The Tantalizing Spicy Sourness of Potato Mash Dipped in Tamarind Water
Phuchka in Kolkata
The underground metro train surfaced and came to a screeching halt before heaving out exhausted, sweating passengers from its air-conditioned interiors. In less than a moment, the ball of humanity poured into the staircases and escalators, molten lava-like, and was eventually thrown out into the open. The momentary relief from the stale, enclosed space doesn’t really last. Calcutta (or Kolkata) summers are usually hot, humid, and stinking of sweat, and this day was not much different from the ones I spent here growing up, sixteen years back.
Sixteen years ago, my friends and I would be returning from our college, and there would be a hurry to reach home, seize something to eat, and go on for evening classes or hobby courses. The enormous crowd from the metro station would be pushing us in the general direction like a great stream of water, just like today. We would keep going, until suddenly a thought would strike. Phuchka!
Phuchka stalls are found all over Kolkata, in every nook and corner. Years ago, the stalls would open in the late afternoons and go on, undeterred, until the last customer went home content. Today, it is also a late breakfast item. From the streets of Kolkata, phuchka have made their way into boutique restaurants and five star ones, and are served at all times.
I spread out my limbs to find balance and then elbow away from the homeward mass, towards a less-used outlet. The cobbled square just outside the gateway is lined with huge glass boxes containing crisp, yellowish balls the size of lemons. Phuchka.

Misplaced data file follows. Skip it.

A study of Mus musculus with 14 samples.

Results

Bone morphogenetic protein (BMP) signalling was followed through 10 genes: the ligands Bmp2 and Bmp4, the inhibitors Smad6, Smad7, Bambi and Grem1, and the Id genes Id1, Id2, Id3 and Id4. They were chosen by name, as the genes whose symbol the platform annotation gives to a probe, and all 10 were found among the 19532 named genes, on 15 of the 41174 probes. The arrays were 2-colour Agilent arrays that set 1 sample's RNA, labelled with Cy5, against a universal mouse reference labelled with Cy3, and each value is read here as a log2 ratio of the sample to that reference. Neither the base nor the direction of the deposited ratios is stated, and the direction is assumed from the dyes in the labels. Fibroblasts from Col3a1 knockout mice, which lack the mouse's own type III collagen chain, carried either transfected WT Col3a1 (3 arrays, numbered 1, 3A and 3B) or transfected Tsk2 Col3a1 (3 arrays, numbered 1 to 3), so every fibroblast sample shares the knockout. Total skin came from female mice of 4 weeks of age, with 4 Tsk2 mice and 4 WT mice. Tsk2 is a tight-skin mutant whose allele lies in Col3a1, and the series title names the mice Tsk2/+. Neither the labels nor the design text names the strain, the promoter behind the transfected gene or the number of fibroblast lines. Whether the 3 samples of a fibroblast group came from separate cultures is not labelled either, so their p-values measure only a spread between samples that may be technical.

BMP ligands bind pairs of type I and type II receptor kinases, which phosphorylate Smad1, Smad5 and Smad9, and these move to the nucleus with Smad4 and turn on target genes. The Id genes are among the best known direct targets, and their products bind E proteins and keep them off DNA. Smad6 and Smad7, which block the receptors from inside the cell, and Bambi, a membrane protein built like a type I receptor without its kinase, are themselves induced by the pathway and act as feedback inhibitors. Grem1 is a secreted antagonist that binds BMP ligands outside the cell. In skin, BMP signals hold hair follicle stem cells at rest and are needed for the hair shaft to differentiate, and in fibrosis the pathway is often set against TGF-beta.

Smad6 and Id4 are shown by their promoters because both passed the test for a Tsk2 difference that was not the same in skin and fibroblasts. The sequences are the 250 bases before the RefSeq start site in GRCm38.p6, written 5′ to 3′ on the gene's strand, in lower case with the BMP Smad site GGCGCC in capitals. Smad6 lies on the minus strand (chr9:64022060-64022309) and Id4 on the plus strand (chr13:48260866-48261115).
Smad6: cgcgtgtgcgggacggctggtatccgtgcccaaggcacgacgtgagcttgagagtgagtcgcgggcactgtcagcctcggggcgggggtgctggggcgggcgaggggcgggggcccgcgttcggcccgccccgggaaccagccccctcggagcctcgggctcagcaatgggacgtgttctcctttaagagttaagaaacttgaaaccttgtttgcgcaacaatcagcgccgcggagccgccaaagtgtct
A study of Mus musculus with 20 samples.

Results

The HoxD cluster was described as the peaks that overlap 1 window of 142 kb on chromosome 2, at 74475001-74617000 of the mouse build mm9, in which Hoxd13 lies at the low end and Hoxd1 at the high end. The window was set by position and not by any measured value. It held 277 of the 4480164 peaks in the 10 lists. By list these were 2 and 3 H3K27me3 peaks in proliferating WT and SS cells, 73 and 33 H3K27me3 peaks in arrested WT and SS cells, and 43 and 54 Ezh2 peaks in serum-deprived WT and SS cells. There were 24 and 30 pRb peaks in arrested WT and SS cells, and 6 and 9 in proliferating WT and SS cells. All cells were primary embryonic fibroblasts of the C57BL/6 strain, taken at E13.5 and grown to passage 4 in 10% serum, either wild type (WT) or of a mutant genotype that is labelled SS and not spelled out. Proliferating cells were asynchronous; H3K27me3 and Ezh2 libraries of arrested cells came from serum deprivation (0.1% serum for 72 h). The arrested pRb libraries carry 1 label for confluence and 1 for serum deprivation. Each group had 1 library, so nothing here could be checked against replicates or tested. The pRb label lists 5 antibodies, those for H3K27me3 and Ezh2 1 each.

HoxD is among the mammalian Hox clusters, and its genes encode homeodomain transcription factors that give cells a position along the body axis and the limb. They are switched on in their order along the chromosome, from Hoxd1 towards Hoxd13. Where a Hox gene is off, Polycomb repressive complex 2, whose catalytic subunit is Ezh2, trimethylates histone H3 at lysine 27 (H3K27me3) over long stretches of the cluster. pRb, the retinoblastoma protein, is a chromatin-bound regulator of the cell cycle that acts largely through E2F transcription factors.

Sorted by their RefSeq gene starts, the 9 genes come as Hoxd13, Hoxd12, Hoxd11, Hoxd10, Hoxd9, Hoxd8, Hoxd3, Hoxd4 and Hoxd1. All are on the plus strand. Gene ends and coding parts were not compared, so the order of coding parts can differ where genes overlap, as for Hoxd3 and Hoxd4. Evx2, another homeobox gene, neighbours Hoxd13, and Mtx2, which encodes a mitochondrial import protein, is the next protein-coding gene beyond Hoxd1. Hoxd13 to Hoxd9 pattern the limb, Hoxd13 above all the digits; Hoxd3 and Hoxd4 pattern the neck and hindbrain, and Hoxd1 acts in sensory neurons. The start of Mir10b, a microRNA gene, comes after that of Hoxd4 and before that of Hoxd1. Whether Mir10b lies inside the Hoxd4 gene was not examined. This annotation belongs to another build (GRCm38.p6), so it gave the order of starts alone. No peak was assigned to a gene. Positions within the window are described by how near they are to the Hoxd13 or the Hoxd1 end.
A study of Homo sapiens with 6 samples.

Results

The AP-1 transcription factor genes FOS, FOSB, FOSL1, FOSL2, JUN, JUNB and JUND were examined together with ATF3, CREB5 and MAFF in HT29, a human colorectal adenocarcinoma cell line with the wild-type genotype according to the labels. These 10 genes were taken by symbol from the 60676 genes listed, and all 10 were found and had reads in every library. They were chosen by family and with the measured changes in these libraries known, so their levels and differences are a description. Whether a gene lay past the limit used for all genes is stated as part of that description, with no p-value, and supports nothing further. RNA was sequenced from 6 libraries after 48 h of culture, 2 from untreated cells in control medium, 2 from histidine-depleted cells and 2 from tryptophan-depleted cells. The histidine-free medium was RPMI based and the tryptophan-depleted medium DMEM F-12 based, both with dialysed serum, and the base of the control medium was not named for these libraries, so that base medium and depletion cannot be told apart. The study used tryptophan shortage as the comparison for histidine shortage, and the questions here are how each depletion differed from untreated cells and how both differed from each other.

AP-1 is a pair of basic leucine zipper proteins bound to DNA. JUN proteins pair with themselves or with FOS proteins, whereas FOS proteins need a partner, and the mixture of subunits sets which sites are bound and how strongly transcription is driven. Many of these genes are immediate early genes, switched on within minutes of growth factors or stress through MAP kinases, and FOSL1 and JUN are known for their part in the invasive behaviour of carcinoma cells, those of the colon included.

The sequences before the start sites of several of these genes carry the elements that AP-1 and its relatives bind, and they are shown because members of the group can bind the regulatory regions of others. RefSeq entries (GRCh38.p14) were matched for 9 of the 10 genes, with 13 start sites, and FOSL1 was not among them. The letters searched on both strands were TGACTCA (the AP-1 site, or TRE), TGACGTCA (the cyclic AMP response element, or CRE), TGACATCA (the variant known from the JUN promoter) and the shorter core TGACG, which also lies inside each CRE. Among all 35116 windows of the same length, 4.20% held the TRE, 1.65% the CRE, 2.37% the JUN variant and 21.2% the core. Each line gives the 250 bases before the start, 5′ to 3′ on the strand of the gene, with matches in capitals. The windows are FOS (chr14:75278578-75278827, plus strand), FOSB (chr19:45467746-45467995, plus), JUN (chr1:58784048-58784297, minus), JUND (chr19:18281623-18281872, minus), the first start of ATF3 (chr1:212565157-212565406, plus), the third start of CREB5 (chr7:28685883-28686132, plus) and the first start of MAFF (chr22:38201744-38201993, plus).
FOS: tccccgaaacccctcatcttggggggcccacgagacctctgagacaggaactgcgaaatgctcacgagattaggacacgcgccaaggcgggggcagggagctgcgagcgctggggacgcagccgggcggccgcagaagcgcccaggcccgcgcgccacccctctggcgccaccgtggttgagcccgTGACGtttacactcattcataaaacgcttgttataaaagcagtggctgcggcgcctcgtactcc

The man on the other side of the box, the phuchkawalla, is almost hidden by his cart load of goodies. He is not the same man who served me and my friends sixteen years back, but I go ahead and watch him work. Like the typical phuchkawalla, he is smashing potatoes in a large, ancient aluminum plate, adding to it coarsely powdered black salt, tangy spices, chopped coriander, and finely sliced chilies with singular concentration. The crowd is still thin, so he takes his time kneading the mass of smashed potato in, say, 32 different ways. Finally, he scrapes his hand on the sides of the plate and looks up at the faces collected around him with pride and satisfaction, almost like a ringmaster before presenting his best act to the crowd. Then starts his magic.
“How many will you have?” My childhood phuchka seller would almost throw a challenge with a glint in his eyes and a sideways smile. This seller hands over tiny, disposable bowls to the motley audience circling his cart and I notice it’s not plastic. In swift movements, he reaches inside the glass box, takes out one phuchka at a time, deftly makes a hole in it with his left thumb, takes a small round of the carefully prepared potato mash, and shoves it into the irregular opening. Finally, he dips the whole thing in a clay pot containing tamarind water and serves the dripping, still-crisp round of endless flavors to the first customer. The act has not changed at all. The whole process takes him 15 seconds.
Sixteen years back, the taste of phuchka was always that of freedom and recklessness, considering family elders forbade us to have this unhygienic roadside snack. The crispness of the flour shell and the tantalizing spicy sourness of the potato mash dipped in tamarind water cannot completely define the taste of this simple dish. It was the characteristic aftertaste that remained on the tongue long after, the aroma of the bowl made of dried sal (shorea robusta) leaves, the way one’s mouth started watering when remembering them much later, as well as the familiarity that developed gradually with the phuchkawalla, establishing a lifelong bond.
One will find at least one or two stalls selling Kolkata or Bengali phuchka in almost every Indian city. This particular variety is much different than its distant variants, panipuri or golgappa, which are made of durum wheat, have grams for filling, and are accompanied with sweet sauces. Kolkata phuchka tastes of chilli, of tamarind, of full-bodied potato mash, corianders, and of reminiscence. I look at my septuagenarian neighbor relishing a mouthful, and smile happily.